Nature, rather famously, abhors a vacuum. And, for better or worse, few vacuums exist, year by year, in the calendar of elections for Memphis and Shelby County.
Leap years occupy a special space on the election calendar by reason of their being the occasion for presidential elections. In recent years, however, including the whole of the 21st century, Tennessee's ever-increasing reliability as a red state has significantly eroded the excitement that used to go with its former status as a bellwether state, partisan-wise.
Once in a while, a fair amount of drama might attach to a Super Tuesday presidential primary in Tennessee, as it did, for example, in 2008, when Barack Obama and Hillary Clinton each had significant statewide campaigns going on the Democratic side. But normally there is an anti-climactic sense to those preferential primaries here, generally held in late February or March, the balance in both parties having already been tipped elsewhere — in Iowa or New Hampshire or South Carolina.
- State senator and gubernatorial candidate Mae Beavers
The same steady process of Republicanization (how's that for a coinage?) has increasingly applied to the rest of the electoral menu — including the races in even-numbered years for governor, U.S. Senate, the U.S. House of Representatives, and the Tennessee legislature — though some suspense is often generated in primary elections.
Such is likely to be the case next year, in what is shaping up to be a hotly contested (and well-financed) GOP primary for governor — with former state Commissioner of Economic Development Randy Boyd and Nashville businessman Bill Lee, both well-heeled, already running, ultra-rightist state Senator Mae Beavers of Mt. Juliet just declared, and 4th District U.S. Representative Diane Black, also wealthy, expected to jump in, along with presumed Shelby County favorite Mark Norris of Collierville, the state Senate majority leader.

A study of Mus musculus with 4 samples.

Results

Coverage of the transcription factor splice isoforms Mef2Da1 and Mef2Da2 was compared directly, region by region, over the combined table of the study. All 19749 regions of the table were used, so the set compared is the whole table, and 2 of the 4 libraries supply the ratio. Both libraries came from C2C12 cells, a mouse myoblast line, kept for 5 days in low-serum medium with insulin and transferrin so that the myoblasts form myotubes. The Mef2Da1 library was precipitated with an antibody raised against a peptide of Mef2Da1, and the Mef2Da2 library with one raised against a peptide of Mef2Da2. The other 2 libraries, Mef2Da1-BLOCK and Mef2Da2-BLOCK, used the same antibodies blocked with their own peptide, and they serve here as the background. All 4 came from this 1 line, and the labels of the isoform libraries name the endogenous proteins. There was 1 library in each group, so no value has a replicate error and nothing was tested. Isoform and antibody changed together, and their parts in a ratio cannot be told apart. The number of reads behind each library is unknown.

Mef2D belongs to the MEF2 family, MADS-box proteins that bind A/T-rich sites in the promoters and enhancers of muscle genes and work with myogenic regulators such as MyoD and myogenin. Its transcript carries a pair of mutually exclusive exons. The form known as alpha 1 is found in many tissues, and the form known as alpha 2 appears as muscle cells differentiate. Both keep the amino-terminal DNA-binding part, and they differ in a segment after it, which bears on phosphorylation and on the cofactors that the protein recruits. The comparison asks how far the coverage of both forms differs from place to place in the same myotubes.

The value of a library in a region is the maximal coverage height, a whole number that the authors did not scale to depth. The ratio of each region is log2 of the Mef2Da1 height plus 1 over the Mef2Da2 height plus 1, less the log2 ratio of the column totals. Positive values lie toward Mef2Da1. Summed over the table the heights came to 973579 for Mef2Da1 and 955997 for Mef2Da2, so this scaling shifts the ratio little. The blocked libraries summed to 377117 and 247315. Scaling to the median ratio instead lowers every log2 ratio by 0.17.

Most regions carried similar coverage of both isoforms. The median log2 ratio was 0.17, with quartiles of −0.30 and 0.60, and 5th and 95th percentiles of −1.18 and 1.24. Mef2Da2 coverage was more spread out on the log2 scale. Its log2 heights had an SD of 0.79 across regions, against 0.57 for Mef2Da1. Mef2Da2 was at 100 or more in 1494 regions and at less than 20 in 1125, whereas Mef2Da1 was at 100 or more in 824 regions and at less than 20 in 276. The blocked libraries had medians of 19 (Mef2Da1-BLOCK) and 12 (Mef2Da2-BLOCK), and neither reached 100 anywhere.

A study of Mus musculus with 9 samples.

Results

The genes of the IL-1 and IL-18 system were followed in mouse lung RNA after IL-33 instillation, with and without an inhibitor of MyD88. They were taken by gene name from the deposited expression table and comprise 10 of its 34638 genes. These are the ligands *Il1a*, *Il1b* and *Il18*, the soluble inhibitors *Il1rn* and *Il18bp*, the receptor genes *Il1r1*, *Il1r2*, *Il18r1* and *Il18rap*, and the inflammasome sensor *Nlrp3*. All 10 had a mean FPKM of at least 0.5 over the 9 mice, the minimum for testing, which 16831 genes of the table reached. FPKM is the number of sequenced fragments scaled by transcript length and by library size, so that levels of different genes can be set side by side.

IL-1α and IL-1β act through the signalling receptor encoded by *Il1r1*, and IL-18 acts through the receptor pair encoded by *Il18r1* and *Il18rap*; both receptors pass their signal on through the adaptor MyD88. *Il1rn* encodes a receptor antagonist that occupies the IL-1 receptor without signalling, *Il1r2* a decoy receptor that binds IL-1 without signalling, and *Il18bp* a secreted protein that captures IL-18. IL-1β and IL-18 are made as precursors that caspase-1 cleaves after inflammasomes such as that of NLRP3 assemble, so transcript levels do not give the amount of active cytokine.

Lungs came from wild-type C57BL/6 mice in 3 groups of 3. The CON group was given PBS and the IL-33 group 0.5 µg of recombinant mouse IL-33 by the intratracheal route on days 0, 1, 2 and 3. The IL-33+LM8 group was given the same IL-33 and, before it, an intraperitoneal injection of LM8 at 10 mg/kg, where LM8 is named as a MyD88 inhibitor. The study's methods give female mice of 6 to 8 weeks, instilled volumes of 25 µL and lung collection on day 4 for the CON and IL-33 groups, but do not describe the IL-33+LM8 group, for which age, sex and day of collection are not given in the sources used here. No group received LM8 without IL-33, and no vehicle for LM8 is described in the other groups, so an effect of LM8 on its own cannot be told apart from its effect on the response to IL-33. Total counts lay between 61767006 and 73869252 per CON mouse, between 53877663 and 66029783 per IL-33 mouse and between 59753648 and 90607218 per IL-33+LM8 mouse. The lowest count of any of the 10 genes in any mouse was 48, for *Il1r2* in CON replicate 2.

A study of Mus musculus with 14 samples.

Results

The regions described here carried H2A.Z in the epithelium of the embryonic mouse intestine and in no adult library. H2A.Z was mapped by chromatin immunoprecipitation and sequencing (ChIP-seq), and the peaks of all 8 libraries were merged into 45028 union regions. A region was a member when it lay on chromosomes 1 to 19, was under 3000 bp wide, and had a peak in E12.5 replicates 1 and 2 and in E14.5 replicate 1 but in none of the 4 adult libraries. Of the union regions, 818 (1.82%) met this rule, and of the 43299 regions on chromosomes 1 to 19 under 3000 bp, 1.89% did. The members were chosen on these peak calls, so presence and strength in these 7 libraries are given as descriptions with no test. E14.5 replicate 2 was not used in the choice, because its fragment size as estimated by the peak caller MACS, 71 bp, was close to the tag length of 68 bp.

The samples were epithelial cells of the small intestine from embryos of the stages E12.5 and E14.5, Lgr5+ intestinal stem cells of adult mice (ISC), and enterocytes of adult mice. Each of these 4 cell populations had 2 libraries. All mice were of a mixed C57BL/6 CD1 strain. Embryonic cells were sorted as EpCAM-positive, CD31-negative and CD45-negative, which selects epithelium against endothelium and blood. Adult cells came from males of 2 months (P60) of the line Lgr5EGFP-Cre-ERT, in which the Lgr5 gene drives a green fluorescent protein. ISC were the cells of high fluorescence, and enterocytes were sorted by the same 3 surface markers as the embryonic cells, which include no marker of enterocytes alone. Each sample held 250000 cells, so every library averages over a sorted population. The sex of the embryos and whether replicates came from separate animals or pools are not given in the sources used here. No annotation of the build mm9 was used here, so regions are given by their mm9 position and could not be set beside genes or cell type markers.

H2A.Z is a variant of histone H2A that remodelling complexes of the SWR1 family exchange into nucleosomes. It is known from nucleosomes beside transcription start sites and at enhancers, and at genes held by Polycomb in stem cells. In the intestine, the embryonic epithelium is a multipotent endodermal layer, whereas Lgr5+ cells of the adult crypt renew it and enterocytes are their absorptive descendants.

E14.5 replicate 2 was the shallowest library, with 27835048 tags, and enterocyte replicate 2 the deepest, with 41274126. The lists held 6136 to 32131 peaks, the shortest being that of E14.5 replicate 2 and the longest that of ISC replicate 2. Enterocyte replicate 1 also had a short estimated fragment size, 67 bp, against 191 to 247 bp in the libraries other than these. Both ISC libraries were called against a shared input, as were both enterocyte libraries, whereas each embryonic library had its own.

Democrats, too, will likely have a primary choice, with popular ex-Nashville Mayor Karl Dean already campaigning and another party favorite, state House minority leader Craig Fitzhugh of Ripley, seemingly sure to throw his hat in. (And hark!: Even so well-grounded a judge of the state political scene as the Tennessee Journal's Ed Cromer suggests this week that 2018 could be a comeback time for Democrats in the gubernatorial race.)
On the local election scene, next year's Republican primary for Shelby County mayor is set for a showdown between Shelby County Commissioner Terry Roland and County Trustee David Lenoir. On the Democratic side, former commissioner and longtime political broker Sidney Chism is one certain candidate. Others may emerge, with former commissioner and assistant University of Memphis law dean Steve Mulroy, who sought the office in 2014, being one possibility.
The identity of the latest primary challenger to 9th District Democratic congressman Steve Cohen, who has fairly easily knocked off several in a row, is uncertain, and 8th District GOP congressman David Kustoff would seem to be home free at this juncture.
Looking ahead into 2019, rumored possibilities to challenge Memphis Mayor Jim Strickland include former Democratic chair Keith Norman, pastor of First Baptist Church on Broad; Memphis Police Association president Mike Williams, who ran for the office in 2015; and Terrence Patterson, president and CEO of the Downtown Memphis Commission.
Meanwhile, in the current electoral "off year" of 2017, there is a special election in state House District 95 (Collierville, Germantown, Eads) for the seat vacated in February by former Representative Mark Lovell amid allegations of sexual harassment.
Though two independents, Robert Schutt and Jim Tomasik, are on the ballot, the race — to be decided next Thursday, June 15th — is considered to be between Republican nominee Kevin Vaughan, an engineer and real estate developer, and lawyer Julia Byrd Ashworth, the Democratic nominee.
The odds would seem to heavily favor Vaughan in a district that normally votes overwhelmingly Republican, but several factors at least theoretically give Ashcroft a fighting chance.
Among them: Vaughan’s involvement in a controversial local shopping-mall project; the unpredictability of turnout characteristic of all special elections (and amply demonstrated for this one by skimpy early-voting totals); and energetic under-the-radar efforts by Ashworth, who hopes to build on the success enjoyed last year by state Rep. Dwayne Thompson, a fellow Democrat who pulled off an upset win in adjacent District 96.